Linear motion systems are used in almost every robotic work cell.
The type of system used can be defined by the type of linear motion bearing used.
There are basically three types of bearings utilized-
Plain bearings are generally cylindrical in shape and can be straight or flanged. Friction is generally higher than rolling element bearings but cost is lower. I like to consider two types in my automation projects-
Photo shows the Bost-Bronze oil impregnated bronze bearings. Please click here to visit the Boston Gear website for further information.
As the name suggests, these bearings are self lubricating and in light load applications can make a perfectly sound linear motion system.
This photo depicts the BostonE® plastic sleeve bearing.
With Teflon as their major ingredient, glass-filled bearings are self-lubricating and offer a low coefficient of friction. They withstand extreme temperatures from -400° to +550° F, handle high loads at moderate speeds, and have excellent wear and corrosion resistance. In addition, BostonE® F-1 bearings are machined from extruded rods and held to close tolerances.
As long as the loads are relatively light and if two shafts are used close together, then these bearings can be an inexpensive solution. Stick/slip is high and if two shafts are far apart, then jamming can result.
These bearings consist of an outer ring and several rows of balls retained by cages. Some advantages are-smooth motion, low friction, high rigidity and long life. They are low cost and easy to maintain and replace. Thomson is usually given credit for first producing what is now known as a linear ball bearing. Click here to visit the Thomson Website.
Linear motion systems can benefit from the rolling element bearing, they are more expensive than plain bearings, but friction and stick/slip is low. If the budget will allow, rolling element bearings are a step up from the plain bearing.
Once considered to be expensive, the crossed roller slide is now very economical and available in a wide range of sizes. I have used this bearings in many linear motion systems applications that would be impossible with other types of bearings. When a wide span is required between bearings, the crossed roller bearing is possibly the only choice. It's tolerance to "stick/slip" is very high.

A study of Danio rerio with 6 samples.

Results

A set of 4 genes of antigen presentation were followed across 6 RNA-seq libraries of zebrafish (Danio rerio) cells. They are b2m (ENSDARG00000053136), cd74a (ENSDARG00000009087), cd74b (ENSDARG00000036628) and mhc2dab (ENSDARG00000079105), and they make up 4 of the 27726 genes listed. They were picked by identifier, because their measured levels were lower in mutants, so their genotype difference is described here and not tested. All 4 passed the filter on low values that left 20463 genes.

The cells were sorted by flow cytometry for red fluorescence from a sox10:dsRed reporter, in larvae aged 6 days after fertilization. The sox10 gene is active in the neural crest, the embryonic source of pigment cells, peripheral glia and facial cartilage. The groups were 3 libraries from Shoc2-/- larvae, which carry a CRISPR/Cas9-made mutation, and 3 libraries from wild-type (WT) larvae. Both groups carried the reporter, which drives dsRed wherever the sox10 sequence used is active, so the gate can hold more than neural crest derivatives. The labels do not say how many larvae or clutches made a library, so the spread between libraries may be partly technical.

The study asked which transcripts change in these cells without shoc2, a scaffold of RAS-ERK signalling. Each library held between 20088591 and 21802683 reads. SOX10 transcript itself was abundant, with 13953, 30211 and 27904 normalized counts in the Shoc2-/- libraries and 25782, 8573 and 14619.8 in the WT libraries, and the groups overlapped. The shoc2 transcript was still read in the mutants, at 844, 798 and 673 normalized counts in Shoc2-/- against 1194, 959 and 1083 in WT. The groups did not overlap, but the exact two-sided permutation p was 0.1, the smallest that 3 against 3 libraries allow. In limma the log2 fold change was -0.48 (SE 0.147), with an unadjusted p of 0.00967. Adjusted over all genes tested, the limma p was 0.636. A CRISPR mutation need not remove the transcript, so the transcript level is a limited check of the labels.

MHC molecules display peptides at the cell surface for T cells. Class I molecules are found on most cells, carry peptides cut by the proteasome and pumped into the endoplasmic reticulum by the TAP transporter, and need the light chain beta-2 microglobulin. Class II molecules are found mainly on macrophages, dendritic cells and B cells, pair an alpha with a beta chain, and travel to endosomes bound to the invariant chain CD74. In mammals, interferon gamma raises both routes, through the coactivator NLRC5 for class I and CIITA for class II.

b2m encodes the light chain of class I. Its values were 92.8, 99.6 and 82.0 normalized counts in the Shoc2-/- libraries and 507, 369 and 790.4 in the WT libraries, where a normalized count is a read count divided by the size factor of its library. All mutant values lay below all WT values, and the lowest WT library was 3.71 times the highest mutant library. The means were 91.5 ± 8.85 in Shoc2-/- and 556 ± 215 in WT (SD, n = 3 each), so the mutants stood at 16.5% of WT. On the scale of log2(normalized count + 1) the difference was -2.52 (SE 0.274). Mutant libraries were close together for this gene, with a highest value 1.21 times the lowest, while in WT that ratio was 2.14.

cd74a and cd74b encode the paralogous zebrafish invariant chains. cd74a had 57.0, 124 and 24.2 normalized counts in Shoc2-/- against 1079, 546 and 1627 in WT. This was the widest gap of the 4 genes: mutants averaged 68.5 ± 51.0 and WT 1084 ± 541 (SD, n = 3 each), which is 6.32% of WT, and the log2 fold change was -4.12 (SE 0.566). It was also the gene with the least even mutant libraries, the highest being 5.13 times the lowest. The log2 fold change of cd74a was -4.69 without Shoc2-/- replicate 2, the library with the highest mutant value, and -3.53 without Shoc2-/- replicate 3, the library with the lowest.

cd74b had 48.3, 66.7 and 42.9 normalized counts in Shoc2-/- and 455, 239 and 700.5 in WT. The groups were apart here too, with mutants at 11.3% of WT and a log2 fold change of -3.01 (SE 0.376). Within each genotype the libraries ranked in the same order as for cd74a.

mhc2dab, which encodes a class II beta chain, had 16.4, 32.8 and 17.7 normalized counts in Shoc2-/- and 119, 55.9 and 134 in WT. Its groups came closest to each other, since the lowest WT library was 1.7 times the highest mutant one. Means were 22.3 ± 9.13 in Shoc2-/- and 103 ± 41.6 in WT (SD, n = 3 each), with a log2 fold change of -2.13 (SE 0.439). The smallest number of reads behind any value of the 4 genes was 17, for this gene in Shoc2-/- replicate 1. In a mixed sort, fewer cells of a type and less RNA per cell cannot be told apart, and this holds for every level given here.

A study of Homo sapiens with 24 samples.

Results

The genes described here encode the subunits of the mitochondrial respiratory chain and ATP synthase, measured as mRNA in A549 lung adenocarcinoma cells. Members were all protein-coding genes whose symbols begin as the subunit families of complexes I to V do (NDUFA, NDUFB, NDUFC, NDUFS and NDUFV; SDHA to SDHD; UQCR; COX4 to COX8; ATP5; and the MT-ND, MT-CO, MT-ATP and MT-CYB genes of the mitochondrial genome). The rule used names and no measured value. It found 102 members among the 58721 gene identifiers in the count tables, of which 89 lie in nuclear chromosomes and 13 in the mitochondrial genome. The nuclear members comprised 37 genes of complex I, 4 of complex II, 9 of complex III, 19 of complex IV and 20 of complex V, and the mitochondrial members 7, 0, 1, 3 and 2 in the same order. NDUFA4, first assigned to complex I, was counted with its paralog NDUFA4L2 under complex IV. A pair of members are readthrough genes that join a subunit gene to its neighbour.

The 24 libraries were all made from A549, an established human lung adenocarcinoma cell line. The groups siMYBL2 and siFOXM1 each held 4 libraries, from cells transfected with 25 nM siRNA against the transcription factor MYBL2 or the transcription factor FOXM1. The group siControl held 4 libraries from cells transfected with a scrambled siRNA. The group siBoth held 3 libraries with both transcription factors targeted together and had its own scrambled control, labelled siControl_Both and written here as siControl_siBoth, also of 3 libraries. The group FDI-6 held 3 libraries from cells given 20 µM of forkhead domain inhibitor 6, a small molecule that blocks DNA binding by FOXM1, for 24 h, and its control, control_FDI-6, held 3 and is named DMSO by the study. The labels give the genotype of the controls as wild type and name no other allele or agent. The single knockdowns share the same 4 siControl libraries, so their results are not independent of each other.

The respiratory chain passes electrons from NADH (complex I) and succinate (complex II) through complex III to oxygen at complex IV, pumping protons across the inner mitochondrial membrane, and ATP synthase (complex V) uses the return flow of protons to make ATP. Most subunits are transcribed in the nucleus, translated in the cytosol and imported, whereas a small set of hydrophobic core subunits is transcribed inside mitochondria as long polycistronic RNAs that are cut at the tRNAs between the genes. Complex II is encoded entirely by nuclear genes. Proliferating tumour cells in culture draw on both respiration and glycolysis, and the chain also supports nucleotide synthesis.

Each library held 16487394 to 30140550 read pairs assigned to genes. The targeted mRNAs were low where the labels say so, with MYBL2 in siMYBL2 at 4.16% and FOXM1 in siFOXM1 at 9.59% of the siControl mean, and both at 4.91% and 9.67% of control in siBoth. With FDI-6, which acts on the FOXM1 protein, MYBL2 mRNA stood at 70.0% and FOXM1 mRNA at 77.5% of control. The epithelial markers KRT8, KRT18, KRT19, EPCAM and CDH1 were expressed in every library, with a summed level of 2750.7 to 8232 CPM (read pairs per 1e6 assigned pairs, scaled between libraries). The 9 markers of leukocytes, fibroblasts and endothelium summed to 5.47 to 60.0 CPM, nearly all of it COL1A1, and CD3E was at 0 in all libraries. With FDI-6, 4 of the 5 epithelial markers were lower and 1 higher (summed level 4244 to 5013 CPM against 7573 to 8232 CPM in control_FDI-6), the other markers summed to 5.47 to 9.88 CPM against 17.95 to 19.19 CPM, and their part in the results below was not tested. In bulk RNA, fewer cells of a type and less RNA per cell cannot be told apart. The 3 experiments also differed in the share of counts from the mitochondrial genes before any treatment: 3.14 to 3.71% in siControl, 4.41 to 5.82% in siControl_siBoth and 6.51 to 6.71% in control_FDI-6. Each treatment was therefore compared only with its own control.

The photo at left shows THK linear cross roller bearings and rails. Please click here to visit their website.
Roller slides offer line contact as compared to point contact when using ball bearing slides. Thus greater loads can be tolerated.
Many pick and place modules use crossed roller bearings.
We are all familiar with the type of slide used in the typical filing cabinet. This style of linear motion system is very compact and can solve some problems in certain applications.
As an example-Accuride International offers a wide range of Drawer Slides.
Photo shows a Schock Metall slide. Visit their site for full information.
Applications can include-
The Dovetail slide has been around for a long time. Generally manufactured from cast iron, they can absorb high loads and can be manually operated or powered.
The photo shows the Setco Dovetail Slide. Visit their website, where full details can be found.
Rather than designing a slide from scratch, I prefer to purchase a ready made module and Setco offer a wide range of units that can generally be adapted to many applications.
We will conclude by mentioning a company that manufactures a very good modular system that is very simple and can have many applications in robotics engineering. This system is particularly suited for the manufacture of gantry robots and linear motion systems.
The photo here shows the Bishop Wisecarver Dual Vee System. Visit their web site, for full information.